Nadine Accaoui embraces change in her professional life. As well as several international moves throughout her career, she has also changed job descriptions. Starting out as an actuary in life insurance, she moved into credit insurance as Group Chief Actuary for Allianz Trade (previously Euler Hermes), and then became head of Actuarial P&C at Allianz SE. She then made the shift from actuarial work to finance, working as regional CFO. Nadine credits each transition with teaching her valuable life lessons.
“Every move has brought its challenges, but also opportunities to learn,” she says. “Each new place and role has resulted in me becoming a new version of myself. I’ve grown in confidence and independence, and learned how to ask the right questions quickly, benefitting from existing teams’ knowledge when starting a new role!”
The road from Lebanon to Paris
Nadine grew up in Lebanon, and after earning a BS in actuarial sciences, joined Allianz Lebanon first as a junior underwriter, then as an actuary and chief actuary. While working, she wanted to pursue further studies in finance, but was encouraged by her father and the CEO of Allianz Lebanon to become a certified member of the American Association of Actuaries. “They told me to take the path less travelled by,” Nadine remembers. “But I knew it would take four years of studying – while working full time – to pass international actuarial exams. It was a difficult decision to make.”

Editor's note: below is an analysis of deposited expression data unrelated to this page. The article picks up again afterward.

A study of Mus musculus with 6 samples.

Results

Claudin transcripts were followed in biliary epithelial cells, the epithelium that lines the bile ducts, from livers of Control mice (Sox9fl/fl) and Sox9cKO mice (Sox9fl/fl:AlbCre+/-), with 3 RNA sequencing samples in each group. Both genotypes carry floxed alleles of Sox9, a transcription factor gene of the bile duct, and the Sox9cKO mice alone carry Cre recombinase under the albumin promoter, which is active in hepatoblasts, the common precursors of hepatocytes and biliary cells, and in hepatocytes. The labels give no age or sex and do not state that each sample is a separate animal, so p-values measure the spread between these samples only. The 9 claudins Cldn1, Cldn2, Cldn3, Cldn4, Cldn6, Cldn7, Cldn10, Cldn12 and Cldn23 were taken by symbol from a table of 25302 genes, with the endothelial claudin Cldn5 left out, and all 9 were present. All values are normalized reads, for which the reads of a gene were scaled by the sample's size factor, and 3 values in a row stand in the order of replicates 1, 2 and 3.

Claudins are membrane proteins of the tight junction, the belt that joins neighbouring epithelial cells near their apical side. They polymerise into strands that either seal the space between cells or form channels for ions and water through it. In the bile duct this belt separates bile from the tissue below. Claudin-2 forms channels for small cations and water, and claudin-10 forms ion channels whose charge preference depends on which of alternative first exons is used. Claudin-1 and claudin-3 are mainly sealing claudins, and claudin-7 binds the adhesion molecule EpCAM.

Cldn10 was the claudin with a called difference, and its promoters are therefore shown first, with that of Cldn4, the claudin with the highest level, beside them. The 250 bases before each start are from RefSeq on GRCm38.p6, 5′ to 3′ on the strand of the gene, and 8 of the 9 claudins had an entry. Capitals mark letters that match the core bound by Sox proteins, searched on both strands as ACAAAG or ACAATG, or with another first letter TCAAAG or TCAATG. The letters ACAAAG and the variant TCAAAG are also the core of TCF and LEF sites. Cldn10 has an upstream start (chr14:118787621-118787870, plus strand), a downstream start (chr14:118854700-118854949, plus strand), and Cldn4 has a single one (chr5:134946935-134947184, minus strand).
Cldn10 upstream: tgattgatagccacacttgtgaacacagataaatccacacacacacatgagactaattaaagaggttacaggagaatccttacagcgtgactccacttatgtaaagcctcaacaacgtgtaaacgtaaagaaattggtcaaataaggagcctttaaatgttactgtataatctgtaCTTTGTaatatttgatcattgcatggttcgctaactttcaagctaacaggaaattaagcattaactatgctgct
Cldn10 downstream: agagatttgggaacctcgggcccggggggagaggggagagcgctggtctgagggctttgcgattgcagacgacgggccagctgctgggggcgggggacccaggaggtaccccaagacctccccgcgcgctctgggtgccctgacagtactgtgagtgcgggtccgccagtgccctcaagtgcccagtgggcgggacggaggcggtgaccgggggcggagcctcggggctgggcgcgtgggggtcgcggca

It was also often an uphill battle. “Society can be very sceptical of women who study hard,” Nadine says, “and I faced my share of discouragement. But I saw actuarial studies as a way for me to build a career beyond the borders of my home country.” For Nadine, this turned out to be a good bet. Her international certification opened the door for her to become chief actuary of our company in Paris.
Riding the waves of culture
Regional CFO for MMEA
While her first job in Paris was intense, Nadine considers her move to Munich the most challenging of her career. “Germany was a completely different culture,” she explains. Moreover, “It was a proactive environment, where I had to constantly anticipate next steps. As my boss told me: ‘It’s like Formula 1 here – everybody is driving fast and you are competing with the best!’’’
Working within a multinational team also helped Nadine develop her ability to work with different mentalities. “Every culture has its advantages. I found the French agile and solution-oriented and the Germans efficient and direct. Both groups taught me to adapt my way of working and communicating.”
In the end, people matter most
As Nadine has moved from job to job and place to place, she has collected valuable contacts and friends. “When I leave a job, the negative aspects fade – drudge work, office tension, that sort of thing,” she explains. “What’s important and long-lasting are the bridges you build with people.”
Trusting relationships and diverse talents are what Nadine believes create positive working environments and successful businesses. “For a team to be effective, you need different personalities and skill sets. That way you can leverage synergies within a team and develop everyone’s potential.”